Sunday, March 25, 2007

'Rampage' Jackson to get chance at Liddell's title

By Lance Pugmire

The way Chuck Liddell has dominated recent opponents Tito Ortiz and Randy Couture, it appears the Ultimate Fighting Championship's light-heavyweight champion is unbeatable.

Irvine's Quinton "Rampage" Jackson knows that's not true.

In a PRIDE Fighting Championships tournament in 2003, Jackson pounded the fatigued Liddell with a flurry of second-round punches that prompted Liddell's corner to stop the fight.

Now, less than four months after Jackson joined UFC, he's getting his shot to take Liddell's belt. UFC will officially announce today that the fighters have signed contracts to headline a May 26 pay-per-view card, UFC 71, at the MGM Grand Garden Arena in Las Vegas.

"I'm ready, for sure," Liddell said. "I'm at the top of my game, and I've been looking forward to this fight for a long time. I should've never lost the first time. It won't happen again."

Jackson hadn't planned on fighting Liddell so quickly in his UFC career, but his manager said UFC President Dana White tore up their prior contract and offered a new four-fight deal that will begin with this title fight.

"Our plan was to get more exposure in the UFC so the American public would become more familiar with Rampage, but don't get me wrong ... with Rampage's ability, he knows how to handle this," Juanito Ibarra, Jackson's manager/trainer said. "Chuck Liddell is a fight we're ready for.

"Chuck's the champion of the world, but Rampage has a style to beat Chuck and take his title."

Liddell, 37, is unbeaten in seven fights since his November 2003 loss to Jackson, 28, at PRIDE Final Conflict in Tokyo. The light-heavyweight champion calls that defeat "a learning experience," contending that an injured quadriceps muscle during training kept him from sprinting and building up the endurance the fight required.

"I didn't get in top shape," Liddell said. "Fighting over there [in Japan] didn't work out. I know I hurt him good in that fight. I could've finished him off earlier. But the truth comes down to the fact that he was the better man that day."

Liddell, from San Luis Obispo, is coming off a decisive third-round technical knockout of Ortiz at UFC 66 in December, but he acknowledged afterward that he fought with a torn medial collateral ligament in a knee. He declined to reveal this week which knee was injured, but he said he rejected proposed surgery.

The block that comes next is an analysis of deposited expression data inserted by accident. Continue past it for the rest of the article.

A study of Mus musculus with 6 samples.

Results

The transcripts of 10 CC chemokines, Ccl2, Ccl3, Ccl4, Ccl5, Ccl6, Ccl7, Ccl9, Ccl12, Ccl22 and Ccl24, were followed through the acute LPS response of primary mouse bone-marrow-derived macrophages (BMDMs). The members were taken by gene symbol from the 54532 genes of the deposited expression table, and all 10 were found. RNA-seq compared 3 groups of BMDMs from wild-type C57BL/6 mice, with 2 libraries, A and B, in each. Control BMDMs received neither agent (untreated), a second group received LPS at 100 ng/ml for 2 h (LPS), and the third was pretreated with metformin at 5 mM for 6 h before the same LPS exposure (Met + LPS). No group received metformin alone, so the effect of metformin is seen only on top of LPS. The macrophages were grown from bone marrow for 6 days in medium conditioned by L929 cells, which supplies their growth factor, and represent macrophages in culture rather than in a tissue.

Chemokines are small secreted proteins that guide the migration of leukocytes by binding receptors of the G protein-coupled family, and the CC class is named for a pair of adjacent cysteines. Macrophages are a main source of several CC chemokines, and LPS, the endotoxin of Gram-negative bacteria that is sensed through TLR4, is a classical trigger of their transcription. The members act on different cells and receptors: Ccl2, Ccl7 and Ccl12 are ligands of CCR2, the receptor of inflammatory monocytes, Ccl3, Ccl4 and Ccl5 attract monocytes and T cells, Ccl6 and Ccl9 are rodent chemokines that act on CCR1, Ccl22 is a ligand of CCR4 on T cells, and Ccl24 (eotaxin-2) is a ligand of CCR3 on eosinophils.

"It's healed, it's something that's bothered me for a while, but it's something I've learned how to fight with," Liddell said. "The knee's completely stable, and there's no permanent damage. A sports injury specialist told me there was no need to undergo surgery. Surgery means I'm out six months. So I ice [the knee] a lot. I ice it every day. I'm fine with that. It's a real common wrestling injury."

Liddell also addressed the health concerns that followed his early March appearance on the Dallas television show, "Good Morning Texas," when he fell asleep while discussing the film "300."

"I had pneumonia and a fever," Liddell said.

The fighter said he was out late, then took the prescription sleeping pill Lunesta and an over-the-counter dose of Nyquil before waking early to make the television appearance, which can be viewed on YouTube.

"I needed six to eight hours of sleep and only got three," Liddell said. "They should've never got me out of bed."

Following the rambling, often incoherent discussion, Liddell said he was ordered off the promotional road by UFC President Dana White, and was subsequently subjected to a random drug test by the Nevada State Athletic Commission. Keith Kizer, executive officer of the Nevada State Athletic Commission, said Liddell passed the drug test.

"He's been tested several times and has never ran afoul of our tests," Kizer said. "Chuck was in a weird state on that show. I don't blame people for being concerned about him, but he silenced his critics."

Ibarra, however, criticized Liddell for appearing on television in that state.

"It was unfortunate that someone so important in the world of mixed-martial arts makes a decision to be out there in the spotlight in a condition like that," Ibarra said. "Hopefully, he learns for the sport and himself to be more reputable."

In addition to preparing for the Jackson fight, the 205-pound Liddell said he eventually wants to fight UFC heavyweight Mirko "Cro Cop" Filipovic. Liddell has already twice defeated current heavyweight champion Couture, and said the 225-pound Filipovic "is a lighter heavyweight. I can fight him. I'd like that shot."


1 comment:

Scott White said...

Good to see the UFC locked Jackson into a four-fight deal.